EverQuest Officially Goes Free to Play on March 16
Sony Online Entertainment has officially nailed down the date it will throw open the EverQuest doors to F2P gamers.
Sony Online Entertainment has nailed down the launch date for the free-to-play (F2P) model for EverQuest, and it's exactly 13 years years after its original launch: March 16. Previously the company said the new model would arrive sometime in March, but didn’t set a specific date. It was assumed to be on the MMORPG's 13th anniversary due to the festivities.
"We're celebrating EverQuest's 13th birthday in a big way!" SOE reports. "On Friday, March 16, 2012 we will be launching EverQuest Free to Play. Your Way. EQ's birthday is always a big event, and this year we combine it with one of the most exciting things to happen in the history of EQ. Mark your calendars and get ready for one huge celebration, with 13th Anniversary events and the transition to Free to Play both coming on March 16!"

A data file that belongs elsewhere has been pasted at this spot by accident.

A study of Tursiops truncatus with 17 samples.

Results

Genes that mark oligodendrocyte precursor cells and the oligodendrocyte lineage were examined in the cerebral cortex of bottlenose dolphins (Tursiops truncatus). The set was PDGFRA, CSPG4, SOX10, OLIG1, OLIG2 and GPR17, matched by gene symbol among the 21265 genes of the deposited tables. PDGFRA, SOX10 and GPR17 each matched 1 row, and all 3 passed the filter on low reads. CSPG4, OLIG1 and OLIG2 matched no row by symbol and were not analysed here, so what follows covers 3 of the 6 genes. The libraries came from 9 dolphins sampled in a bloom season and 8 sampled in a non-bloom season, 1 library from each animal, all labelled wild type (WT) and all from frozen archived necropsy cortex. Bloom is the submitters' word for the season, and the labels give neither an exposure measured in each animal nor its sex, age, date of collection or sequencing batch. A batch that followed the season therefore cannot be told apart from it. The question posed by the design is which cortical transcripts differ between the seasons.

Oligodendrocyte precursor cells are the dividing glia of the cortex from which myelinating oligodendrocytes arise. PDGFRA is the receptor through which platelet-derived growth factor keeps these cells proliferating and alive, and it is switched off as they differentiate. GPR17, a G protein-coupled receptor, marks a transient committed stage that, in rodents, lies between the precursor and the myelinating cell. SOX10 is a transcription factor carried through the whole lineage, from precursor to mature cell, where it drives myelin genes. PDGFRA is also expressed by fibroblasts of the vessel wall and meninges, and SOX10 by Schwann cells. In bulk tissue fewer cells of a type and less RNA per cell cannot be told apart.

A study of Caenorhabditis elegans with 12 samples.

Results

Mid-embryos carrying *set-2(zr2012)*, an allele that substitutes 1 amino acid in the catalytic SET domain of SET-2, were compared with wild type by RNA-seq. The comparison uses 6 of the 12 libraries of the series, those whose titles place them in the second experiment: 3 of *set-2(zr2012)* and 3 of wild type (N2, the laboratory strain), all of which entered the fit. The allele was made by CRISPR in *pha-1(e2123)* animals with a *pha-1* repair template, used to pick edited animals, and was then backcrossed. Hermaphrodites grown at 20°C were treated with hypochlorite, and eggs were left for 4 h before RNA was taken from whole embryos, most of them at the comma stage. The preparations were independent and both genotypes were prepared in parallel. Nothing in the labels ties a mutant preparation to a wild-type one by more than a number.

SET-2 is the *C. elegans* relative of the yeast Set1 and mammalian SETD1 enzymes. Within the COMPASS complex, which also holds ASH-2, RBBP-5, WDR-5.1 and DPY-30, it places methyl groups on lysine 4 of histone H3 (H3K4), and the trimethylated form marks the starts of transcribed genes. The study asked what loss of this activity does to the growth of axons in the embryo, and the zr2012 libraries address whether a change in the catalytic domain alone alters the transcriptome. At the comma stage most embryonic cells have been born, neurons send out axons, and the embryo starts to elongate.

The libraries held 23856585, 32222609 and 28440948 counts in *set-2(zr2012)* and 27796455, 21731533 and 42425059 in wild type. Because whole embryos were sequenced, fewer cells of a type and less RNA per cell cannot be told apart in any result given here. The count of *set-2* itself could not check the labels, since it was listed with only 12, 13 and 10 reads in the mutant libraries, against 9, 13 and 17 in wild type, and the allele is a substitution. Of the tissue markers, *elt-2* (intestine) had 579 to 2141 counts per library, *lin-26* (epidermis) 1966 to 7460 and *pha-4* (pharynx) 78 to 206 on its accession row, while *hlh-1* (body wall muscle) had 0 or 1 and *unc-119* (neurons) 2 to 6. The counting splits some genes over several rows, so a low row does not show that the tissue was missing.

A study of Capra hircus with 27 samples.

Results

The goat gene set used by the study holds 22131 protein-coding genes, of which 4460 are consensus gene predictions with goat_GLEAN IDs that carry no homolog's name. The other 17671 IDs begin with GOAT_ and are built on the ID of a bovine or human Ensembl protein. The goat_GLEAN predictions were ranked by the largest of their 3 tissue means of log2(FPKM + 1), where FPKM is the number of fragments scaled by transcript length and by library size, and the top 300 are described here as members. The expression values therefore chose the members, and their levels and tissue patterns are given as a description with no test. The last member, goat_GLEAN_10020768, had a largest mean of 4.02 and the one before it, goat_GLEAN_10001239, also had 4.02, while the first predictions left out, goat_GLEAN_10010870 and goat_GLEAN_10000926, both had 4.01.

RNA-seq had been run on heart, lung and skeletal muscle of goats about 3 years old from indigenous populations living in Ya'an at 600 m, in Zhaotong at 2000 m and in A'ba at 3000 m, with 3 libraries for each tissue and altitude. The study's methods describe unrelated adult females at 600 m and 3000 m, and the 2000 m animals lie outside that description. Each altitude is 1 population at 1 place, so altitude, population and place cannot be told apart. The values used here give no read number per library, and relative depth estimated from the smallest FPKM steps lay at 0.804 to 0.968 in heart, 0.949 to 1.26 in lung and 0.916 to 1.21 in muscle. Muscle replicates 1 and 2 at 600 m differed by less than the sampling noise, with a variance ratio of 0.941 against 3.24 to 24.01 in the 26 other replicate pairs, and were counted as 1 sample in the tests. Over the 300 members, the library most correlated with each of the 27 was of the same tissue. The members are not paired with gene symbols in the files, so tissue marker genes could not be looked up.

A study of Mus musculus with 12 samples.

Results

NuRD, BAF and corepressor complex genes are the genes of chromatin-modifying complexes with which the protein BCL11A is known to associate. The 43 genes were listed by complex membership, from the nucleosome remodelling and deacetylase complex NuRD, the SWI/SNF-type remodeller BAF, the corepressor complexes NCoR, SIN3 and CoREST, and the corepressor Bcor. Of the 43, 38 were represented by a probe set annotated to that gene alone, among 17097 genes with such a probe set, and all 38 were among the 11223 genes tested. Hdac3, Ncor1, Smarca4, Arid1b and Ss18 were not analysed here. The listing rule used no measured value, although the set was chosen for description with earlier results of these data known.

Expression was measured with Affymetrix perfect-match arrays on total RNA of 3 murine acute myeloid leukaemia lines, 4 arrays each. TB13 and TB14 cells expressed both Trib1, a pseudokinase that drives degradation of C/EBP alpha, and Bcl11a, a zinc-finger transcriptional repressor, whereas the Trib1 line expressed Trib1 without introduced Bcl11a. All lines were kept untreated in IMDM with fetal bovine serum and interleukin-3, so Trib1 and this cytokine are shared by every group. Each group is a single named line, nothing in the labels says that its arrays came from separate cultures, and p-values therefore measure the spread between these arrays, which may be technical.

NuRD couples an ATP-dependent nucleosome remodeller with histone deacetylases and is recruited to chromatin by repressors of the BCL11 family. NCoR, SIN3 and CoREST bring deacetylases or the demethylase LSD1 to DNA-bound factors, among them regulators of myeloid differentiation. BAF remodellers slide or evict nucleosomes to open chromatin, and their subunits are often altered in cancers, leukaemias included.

To celebrate the birthday/F2P launch occasion, Sony will host additional events within the game starting that week and leading up to the Special Birthday on Friday. New items are currently being introduced within The Plane of Knowledge to give existing members a taste of what's to come. Other changes and additions include a revamped EverQuest.com website once the F2P model goes live, and an improved Map system.
SOE is also calling on fans to create their own maps which could be used within the game. So far there are no specific details regarding how map-makers and artists will be able to submit their work, but the company says it will ask for these maps soon. More information about the custom map-making can be found here.
EverQest will likely feature a three-tier structure similar to EverQuest 2, offering a basic free account, a silver account providing extra perks once players spend $5, and a full-blown monthly subscription granting access to everything EverQuest has to offer. EverQuest 2 incorporated the F2P model in December 2011 and initially experienced a 40-percent increase in long-in as a result.